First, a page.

Should HS2 Be Required to use British Steel?

najaB

Only if we try to compete in markets where labour costs dominate.
 

But labour costs are only one factor in price. As an example, Germany has higher average labour costs than the UK (source: TradingEconomics.com) yet their automotive industry is one of the world's biggest - simply because they've largely designed labour costs out of their production chain.

And I disagree that people will always buy cheaper - people will always buy the best perceived value that they can afford. That isn't always the lowest cost item.
 

JamesT

Unemployment isn’t a huge problem in the UK, our rate is around 5% whereas the EU average is more like 8%. Hence all the complaints around Brexit where employers said they were unable to find staff.
According to https://en.wikipedia.org/wiki/List_of_countries_by_exports the UK was the 6th biggest exporter in the world.
Don’t be fooled by the apparent loss of our manufacturing sector, it’s actually larger now than in the past. The difference is our services sector has grown so much faster it dwarfs it, and manufacturing is no longer paying an army of men tuppence an hour to bash metal. The UK now specialises in much more highly skilled work which is much harder to undercut with sub minimum wage workers.
International trade is not a zero-sum game. Those countries that have dragged themselves out of poverty by producing the ‘cheap’ stuff are now in a position to be able to buy the expensive stuff we make. Both sides benefit.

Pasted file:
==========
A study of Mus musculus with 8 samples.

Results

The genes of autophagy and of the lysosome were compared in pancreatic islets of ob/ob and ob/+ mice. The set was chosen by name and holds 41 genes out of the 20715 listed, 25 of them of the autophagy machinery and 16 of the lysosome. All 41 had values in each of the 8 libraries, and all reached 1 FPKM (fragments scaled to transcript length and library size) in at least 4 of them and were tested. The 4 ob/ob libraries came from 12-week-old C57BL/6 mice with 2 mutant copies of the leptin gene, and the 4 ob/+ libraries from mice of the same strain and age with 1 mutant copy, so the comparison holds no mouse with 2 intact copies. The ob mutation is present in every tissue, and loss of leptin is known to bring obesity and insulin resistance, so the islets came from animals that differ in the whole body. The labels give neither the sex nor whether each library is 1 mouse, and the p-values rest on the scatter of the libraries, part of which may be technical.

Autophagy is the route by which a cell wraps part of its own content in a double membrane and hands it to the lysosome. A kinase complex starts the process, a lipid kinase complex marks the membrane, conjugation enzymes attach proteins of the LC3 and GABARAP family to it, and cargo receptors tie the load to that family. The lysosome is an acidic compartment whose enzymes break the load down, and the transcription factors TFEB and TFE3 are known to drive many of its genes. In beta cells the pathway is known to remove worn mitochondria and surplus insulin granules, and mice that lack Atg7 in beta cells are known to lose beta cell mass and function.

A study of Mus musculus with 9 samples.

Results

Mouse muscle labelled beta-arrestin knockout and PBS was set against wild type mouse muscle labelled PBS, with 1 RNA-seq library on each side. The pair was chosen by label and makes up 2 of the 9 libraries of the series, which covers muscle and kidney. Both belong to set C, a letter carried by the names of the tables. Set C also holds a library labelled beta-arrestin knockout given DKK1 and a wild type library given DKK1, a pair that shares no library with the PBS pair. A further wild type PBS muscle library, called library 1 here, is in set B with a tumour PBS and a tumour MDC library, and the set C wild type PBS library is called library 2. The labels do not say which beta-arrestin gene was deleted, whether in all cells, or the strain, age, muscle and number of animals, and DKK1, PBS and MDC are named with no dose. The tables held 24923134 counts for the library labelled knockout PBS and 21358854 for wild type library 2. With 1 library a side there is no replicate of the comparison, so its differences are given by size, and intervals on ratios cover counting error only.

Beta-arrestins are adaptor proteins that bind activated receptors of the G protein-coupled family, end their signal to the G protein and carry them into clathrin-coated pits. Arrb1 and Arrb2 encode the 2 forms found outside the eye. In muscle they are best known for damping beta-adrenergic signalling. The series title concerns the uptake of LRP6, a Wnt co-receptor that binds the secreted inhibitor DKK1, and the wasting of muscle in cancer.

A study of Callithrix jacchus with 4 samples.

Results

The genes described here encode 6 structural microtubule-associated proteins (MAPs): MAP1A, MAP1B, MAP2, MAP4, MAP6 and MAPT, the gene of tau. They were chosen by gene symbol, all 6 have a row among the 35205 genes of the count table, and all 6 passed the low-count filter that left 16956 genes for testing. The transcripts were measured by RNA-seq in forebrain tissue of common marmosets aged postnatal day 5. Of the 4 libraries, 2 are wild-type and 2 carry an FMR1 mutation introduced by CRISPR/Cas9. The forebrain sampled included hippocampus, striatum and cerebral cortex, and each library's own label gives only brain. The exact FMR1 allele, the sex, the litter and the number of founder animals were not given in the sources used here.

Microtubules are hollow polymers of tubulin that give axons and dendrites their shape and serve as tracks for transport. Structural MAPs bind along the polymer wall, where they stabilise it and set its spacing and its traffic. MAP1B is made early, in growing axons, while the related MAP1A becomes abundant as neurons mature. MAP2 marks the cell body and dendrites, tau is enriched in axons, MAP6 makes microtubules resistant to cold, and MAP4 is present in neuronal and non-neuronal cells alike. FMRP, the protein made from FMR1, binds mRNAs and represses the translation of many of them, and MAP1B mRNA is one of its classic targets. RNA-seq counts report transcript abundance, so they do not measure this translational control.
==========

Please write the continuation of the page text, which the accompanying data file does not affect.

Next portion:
MotCO

I think each country plays to its strengths. We are good at high tech, pharmaceuticals, services, innovation, R&D, etc, so that's what we do. Low value, low tech is for someone else, unless it has a strategic importance, such as energy or arms.
 

JamesT

In particular moments these things can come unstuck. The question is whether over the long term more people benefit from the normal low prices than suffer from these blips.
 

Chester1


In particular moments these things can come unstuck. The question is whether over the long term more people benefit from the normal low prices than suffer from these blips.

The Oxford Vaccine is a good example of Britain's place in the global economy. British science and research but nearly entirely manufactured abroad. The NHS supply was predominantly made in the UK and since the summer a few million doses have exported but it is dwarfed by the millions of doses produced each week by AstraZenica's Indian partner. Its simply not practical or financially viable to make in massive quantities in the UK. There is a national security argument for doing the minimum to keep some UK steel making capacity but it should be the bare minimum. Anything more is wasting taxpayers money. There are a lot of people of a certain age and background who can't move on from manufacturing being the be all and end all. We need some capacity e.g. like agriculture since the industrial revolution but it shouldn't be a big priority. If a British architecture company gets paid £1 million to design a building abroad it is just as much an export as selling £1 million of steel to construct the building.
 

LNW-GW Joint

The whole supply chain is designed to be flexible, to allow for variable economic pressures.
Rail is an manufacturing outlier with rather inflexible standards and therefore supply chains.
But just as SNCF bought steel for their LGVs locally from Hayange (much of which was resourced from Scunthorpe via the Channel Tunnel), the arrangement might be reversed with HS2 steel from Scunthorpe sourced from Hayange (I'm not saying that will happen, but it's possible).
The issue with the SNCF contract was that Hayange could not expand their normal annual rail production to meet the one-off build of new lines.
Depending on NR's workload, we may find the same issue here for HS2.
The same sort of issue saw the Hitachi class 802 contract largely built in Italy, because Newton Aycliffe was fully occupied on 800/801 production.